Course Syllabus

Special Lecture and Seminar (Japanese law and society)

[Lecture Course Basic Information]

Lecturer: HARADA, Ayako
Other Lecturers:
Course Type: Seminar
Semester: Fall
Year: M1&M2
Course Periods: Thu 3
Credits: 2
Whether mandatory or not: None
Classroom: TBD


Outline of Lecture Course

This seminar provides students opportunities to learn and discuss the actual functioning of Japanese law and legal system in its social context.

Topics include;
A. Reluctant litigants? Legacy of Kawashima theory
B. Socio-legal process of dispute resolution―different strategies in different areas
C. Japanese Judiciary and Judicial Reform

Course Objectives Each student picks one topic or more, according to the number of participants, prepares handout that briefly describes what is argued in the material and his or her own opinion, and presents it for class discussion. Students other than the presenter must read materials in advance and actively participate in discussion. Through such efforts, students are expected to obtain basic knowledge and insights on the reality of the Japanese legal system.
Textbooks None, but reading materials listed below are provided to the students.
Course Materials/Supplementaries

Discussion Topics and Reading Materials


First Meeting: Orientation


I . Reluctant Litigants? Legacy of Kawashima’s Theory on Japanese non-litigiousness

  1. Japanese attitude toward law and litigation

Takeyoshi Kawashima, “Dispute Resolution in Contemporary Japan,” Arthur von Mehren (ed.), Law in Japan: The Legal Order in a Changing Society, Harvard University Press, 1963, pp.41-72.

  1. Criticism to attitude (culture) model: Institutions

John Owen Haley, “The Myth of the Reluctant Litigant,” Journal of Japanese Studies Vol.4, No.2 (1978), pp. 359-390.

II. Socio-legal process of dispute resolution—different strategies in different areas

  1. Automobile Accidents (1) 

Ramseyer, J. Mark, and Minoru Nakazato. "The Rational Litigant: Settlement Amounts and Verdict Rates in Japan." The Journal of Legal Studies 18, no. 2 (1989): 263-90.

2. Automobile Accidents (2)  

Takao Tanase, “The Management of Disputes: Automobile Accident Compensation in Japan,” Law and Society Review, Vol. 24, No. 3 (1990), pp.651-692.

3. Neighborhood Noise Disputes

Mark D. West, “The Resolution of Karaoke Disputes: The Calculus of Institutions and Social Capital,” Journal of Japanese Studies, Vol. 28, No. 2 (1995) pp. 301-337.   .

4. Product Liability

Luke Nottage and Yoshitaka Wada, “Japan’s New Product Liability ADR Centers: Bureaucratic, Industry, or Consumer Informalism?” Zeitschrift für Japanisches Recht, Nr. 6 (1998), pp. 40-81.

5. Medical Malpractice

Eric Feldman, “Law, Society, and Medical Malpractice Litigation in Japan,” 8 Washington University Global Studies Law Review, 2006, pp.257-284..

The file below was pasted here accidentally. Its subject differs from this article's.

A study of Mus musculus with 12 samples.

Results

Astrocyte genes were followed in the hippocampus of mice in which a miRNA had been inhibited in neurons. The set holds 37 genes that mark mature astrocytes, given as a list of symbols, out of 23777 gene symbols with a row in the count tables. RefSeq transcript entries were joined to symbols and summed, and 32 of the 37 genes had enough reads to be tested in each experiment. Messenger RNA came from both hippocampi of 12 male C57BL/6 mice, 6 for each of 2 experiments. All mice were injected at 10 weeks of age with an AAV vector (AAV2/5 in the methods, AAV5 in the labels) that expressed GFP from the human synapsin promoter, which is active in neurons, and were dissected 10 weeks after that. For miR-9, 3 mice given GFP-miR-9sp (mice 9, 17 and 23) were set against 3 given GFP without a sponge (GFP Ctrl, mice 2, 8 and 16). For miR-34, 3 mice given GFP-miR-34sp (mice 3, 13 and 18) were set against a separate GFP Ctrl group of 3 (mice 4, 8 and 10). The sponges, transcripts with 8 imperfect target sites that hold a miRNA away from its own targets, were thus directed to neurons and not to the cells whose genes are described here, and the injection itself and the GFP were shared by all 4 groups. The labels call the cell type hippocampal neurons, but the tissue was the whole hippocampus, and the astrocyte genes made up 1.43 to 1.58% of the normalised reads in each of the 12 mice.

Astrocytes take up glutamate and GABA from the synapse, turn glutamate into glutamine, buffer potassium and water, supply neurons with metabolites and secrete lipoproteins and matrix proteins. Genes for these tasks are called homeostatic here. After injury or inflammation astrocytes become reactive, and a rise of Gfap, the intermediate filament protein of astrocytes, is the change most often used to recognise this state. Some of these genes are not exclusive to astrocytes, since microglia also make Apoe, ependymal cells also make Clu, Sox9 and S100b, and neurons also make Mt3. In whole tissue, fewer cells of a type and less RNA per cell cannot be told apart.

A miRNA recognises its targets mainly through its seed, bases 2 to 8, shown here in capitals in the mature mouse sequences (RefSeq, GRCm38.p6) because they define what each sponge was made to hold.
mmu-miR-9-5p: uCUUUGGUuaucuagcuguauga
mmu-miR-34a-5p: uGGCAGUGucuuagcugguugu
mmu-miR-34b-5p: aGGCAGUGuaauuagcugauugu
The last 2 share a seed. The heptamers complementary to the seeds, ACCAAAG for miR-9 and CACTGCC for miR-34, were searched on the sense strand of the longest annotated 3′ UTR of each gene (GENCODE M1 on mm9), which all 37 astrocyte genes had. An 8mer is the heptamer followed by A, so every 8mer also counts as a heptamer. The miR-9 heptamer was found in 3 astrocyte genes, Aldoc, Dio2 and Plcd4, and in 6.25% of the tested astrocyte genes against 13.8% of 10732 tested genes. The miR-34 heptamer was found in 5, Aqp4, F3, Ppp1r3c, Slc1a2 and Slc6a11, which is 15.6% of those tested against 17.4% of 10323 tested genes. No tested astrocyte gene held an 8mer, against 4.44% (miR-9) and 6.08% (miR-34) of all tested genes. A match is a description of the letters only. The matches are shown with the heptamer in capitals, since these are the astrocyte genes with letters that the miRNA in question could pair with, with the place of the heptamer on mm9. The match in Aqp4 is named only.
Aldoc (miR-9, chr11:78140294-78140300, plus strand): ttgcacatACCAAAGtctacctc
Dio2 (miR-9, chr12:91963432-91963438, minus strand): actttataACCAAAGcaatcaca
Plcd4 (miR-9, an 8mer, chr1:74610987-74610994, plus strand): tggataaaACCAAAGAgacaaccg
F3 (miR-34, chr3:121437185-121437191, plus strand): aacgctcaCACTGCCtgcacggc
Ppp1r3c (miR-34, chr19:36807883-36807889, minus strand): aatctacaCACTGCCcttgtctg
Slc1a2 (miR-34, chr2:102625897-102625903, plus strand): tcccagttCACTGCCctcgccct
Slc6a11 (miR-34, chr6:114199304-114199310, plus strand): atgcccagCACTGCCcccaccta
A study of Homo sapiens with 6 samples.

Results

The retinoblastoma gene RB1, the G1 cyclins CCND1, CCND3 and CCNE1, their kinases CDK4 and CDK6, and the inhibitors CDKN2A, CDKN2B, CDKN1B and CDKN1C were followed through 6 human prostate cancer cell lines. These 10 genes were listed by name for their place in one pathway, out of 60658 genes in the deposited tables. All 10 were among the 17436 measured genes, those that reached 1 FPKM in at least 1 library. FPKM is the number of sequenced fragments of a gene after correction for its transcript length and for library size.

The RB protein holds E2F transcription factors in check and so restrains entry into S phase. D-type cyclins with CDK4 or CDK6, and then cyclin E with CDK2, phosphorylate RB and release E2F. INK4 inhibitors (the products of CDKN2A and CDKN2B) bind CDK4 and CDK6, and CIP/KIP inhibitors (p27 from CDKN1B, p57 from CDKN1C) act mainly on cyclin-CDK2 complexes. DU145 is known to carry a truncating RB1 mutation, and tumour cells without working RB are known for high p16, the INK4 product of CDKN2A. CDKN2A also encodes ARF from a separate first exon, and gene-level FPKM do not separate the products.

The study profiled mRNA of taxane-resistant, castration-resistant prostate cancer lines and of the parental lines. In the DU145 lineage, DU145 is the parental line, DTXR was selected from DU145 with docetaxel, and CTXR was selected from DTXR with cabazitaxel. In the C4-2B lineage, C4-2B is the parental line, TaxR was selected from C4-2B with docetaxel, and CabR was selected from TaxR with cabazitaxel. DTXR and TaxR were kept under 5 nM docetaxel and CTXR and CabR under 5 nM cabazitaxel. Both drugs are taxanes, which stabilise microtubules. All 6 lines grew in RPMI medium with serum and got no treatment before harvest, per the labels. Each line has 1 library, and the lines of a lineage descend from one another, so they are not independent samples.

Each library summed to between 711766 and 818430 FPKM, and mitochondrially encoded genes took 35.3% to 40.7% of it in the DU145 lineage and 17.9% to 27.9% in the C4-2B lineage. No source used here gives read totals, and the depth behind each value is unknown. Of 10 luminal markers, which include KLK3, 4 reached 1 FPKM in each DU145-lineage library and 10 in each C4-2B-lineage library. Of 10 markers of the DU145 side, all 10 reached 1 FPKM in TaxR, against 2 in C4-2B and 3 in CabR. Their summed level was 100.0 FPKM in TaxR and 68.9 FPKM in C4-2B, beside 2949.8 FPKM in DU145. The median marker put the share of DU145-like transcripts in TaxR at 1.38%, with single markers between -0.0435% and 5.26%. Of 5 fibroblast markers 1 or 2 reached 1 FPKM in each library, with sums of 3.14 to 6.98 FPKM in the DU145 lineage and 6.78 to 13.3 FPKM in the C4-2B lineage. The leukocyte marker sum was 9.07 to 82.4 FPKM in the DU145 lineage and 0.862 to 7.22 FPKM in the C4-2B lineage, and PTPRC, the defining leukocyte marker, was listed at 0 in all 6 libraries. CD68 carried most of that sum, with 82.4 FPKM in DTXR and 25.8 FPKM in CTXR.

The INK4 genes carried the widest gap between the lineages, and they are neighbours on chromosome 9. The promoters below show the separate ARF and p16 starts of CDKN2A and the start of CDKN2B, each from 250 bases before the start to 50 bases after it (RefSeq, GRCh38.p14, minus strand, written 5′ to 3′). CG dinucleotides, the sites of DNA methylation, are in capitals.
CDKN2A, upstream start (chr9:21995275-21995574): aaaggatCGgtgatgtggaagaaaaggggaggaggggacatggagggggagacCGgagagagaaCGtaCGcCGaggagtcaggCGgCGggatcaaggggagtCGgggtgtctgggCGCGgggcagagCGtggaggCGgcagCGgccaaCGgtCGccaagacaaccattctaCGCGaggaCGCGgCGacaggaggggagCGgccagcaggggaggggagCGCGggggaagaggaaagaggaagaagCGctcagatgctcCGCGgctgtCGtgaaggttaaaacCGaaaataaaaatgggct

6.Family Disputes (two articles for one session)

Masayuki Murayama, 2010, “The origins and development of family conciliation in Japan: a political aspect,” Journal of Social Welfare & Family Law, 143-153.

 Ayako Harada, 2019, “Family Reorganization in the Japanese Family Conciliation System: Resolving Divorce Disputes Involving Minor Children,” International Journal of Law, Policy and the Family, 33, 75–103.

7. Compensation for Environmental Pollution Victims

Koichiro Fujikura, “Litigation, Administrative Relief, and Political Settlement for Pollution Victim Compensation: Minamata Mercury Poisoning after Fifty Years,” Daniel H. Foote (ed), Law in Japan: A Turning Point, University of Washington Press, 2007, pp.384-403.

III. Japanese Judiciary and Judicial Reform

  1. Japanese Judiciary and Judicial independence

Frank K. Upham, “Review: Political Lackeys or Faithful Public Servants? Two Views of the Japanese Judiciary,” Law & Social Inquiry, Vol. 30, No. 2, 2005, pp. 421-455.

Reviewed Work(s):

Measuring Judicial Independence: The Political Economy of Judging in Japan by J. Mark Ramseyer and Eric B. Rasmusen.

The Spirit of Japanese Law by John Owen Haley and The Japanese Judiciary: Maintaining Integrity, Autonomy, and the Public Trust by John Owen Haley

  1. Judicial Reform and Legal Education

Annelise Riles and Takashi Uchida. “Reforming Knowledge-A Socio-Legal Critique of the Legal Education Reforms in Japan” Drexel L. Rev. Vol.1, 2009, pp.3-51.

(Additional Reference) Setsuo Miyazawa, “Successes, Failures, and Remaining Issues of the Justice System Reform in Japan: An Introduction to the Symposium Issue,” 36 Hastings International & Comparative Law Review, 2013, pp.313-347.

Assessment Attendance (10%), presentation (30%), class discussion (20%), after-presentation report (40%).
Prerequisites None
Instructions for Out-of-Class Study Read the materials for each class in advance for preparation
Responding to Student Questions At the classroom or upon email appointment.
Other Notes  For the convenience of the course preparetion, students should contact lecturer by email  ( before the first class (on October 8).


Lecture Theme Lecture Course Description Learning outside the class Related page
1 Each session will focus on a paper provided on the list above. The class workwill be generally divided into three parts. Part 1: presentation, Part 2: small group discussion, Part 3: discussion with all the class members. The presenter(s) will organize the discussion. The lecturer make a final remark at the end of session.